The fact that Samsung's WS32A116DSXXEU has a ridiculously long name isn't its only point of interest. Hitherto referred to as the WS32, this screen gives you all the Freeview channels without an external set-top box. Furthermore, its digital talents can be had for a whole £300 less than those of Panasonic's TX-32DTX40. But how many corners has Samsung had to cut to hit such a price?
We doubt that home cinema stylists earned anything from the WS32. With its unremarkable matt-grey finish and boringly rectangular lines, it's easily a bland TV. Samsung has cut back on the connections, too, giving us just a couple of Scarts. At least the Conditional Access Module slot for upgrading to Pay TV is still there.
Aside from its digital tuner, the WS32 has just two features worth troubling you with: 100Hz processing (most unexpected at this price point) and an electronic programme guide. This latter item is very impressive in terms of its presentation, flexibility and speed.
Sadly, though, this is where the impressive stuff ends. Within the first few scenes of Troy, it becomes obvious that the WS32 can't hold a candle to any of its rivals here when it comes to performance...To begin with, the 100Hz processing seems less potent than usual. Shots we'd expect 100Hz to make look solid and richly coloured, like those of the Trojan onlookers during Hector's tussle with Achilles, look unstable and fragile.
And the clear blue skies against which the warriors are fighting emphasises another problem - picture noise. There's dot crawl all over the place. Some of Troy's murkier scenes, meanwhile, such as the dawn battle where Achilles' cousin is killed, sporadically suffer from a curious vertical line structure.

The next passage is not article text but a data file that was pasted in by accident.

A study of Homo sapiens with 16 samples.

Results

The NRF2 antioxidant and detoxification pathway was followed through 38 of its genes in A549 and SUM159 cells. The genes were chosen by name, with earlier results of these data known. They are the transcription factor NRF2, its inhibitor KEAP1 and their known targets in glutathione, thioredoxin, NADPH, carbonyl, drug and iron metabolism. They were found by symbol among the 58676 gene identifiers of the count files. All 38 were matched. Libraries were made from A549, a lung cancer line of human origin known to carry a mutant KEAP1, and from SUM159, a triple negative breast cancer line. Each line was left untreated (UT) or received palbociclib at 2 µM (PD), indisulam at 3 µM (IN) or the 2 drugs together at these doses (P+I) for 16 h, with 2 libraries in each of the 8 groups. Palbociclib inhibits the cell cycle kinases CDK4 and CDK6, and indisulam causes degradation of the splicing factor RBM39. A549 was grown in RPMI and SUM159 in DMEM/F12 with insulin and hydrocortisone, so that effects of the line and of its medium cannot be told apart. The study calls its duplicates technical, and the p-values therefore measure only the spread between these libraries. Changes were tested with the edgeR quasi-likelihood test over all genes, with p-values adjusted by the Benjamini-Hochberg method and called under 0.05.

On top of this, strange bulges in the walls of Troy reveal a number of screen geometry issues, while ultra-detailed shots - like the one where Achilles raises his sword in victory above a beach packed with boats and men - look disappointingly soft and unfocussed. To round the bad news off, sharply contrasted edges tend to be accompanied by some pretty overt haloing.
Thankfully, there are a few plus points. The picture is unusually bright, for instance, yet this is not achieved at the expense of a generally natural colour tone. What's more, the screen's 100Hz processing is pretty clean - albeit not as potent in its effects as most.
Sadly, it's not just the WS32's pictures that are poorly. Its sound is pretty darned average too. A depressing shortage of bass leaves all of Troy's battlefield scenes sounding thin and weedy, while a lack of power means the soundstage stays narrow.
On paper we liked the look of Samsung's WS32 - its manufacturer-quoted £750 asking price appeared a steal for a 32in 100Hz IDTV, and you can pick it up for as much as £200 cheaper online. But in practice, the old 'you get what you pay for' adage has unfortunately never been more true.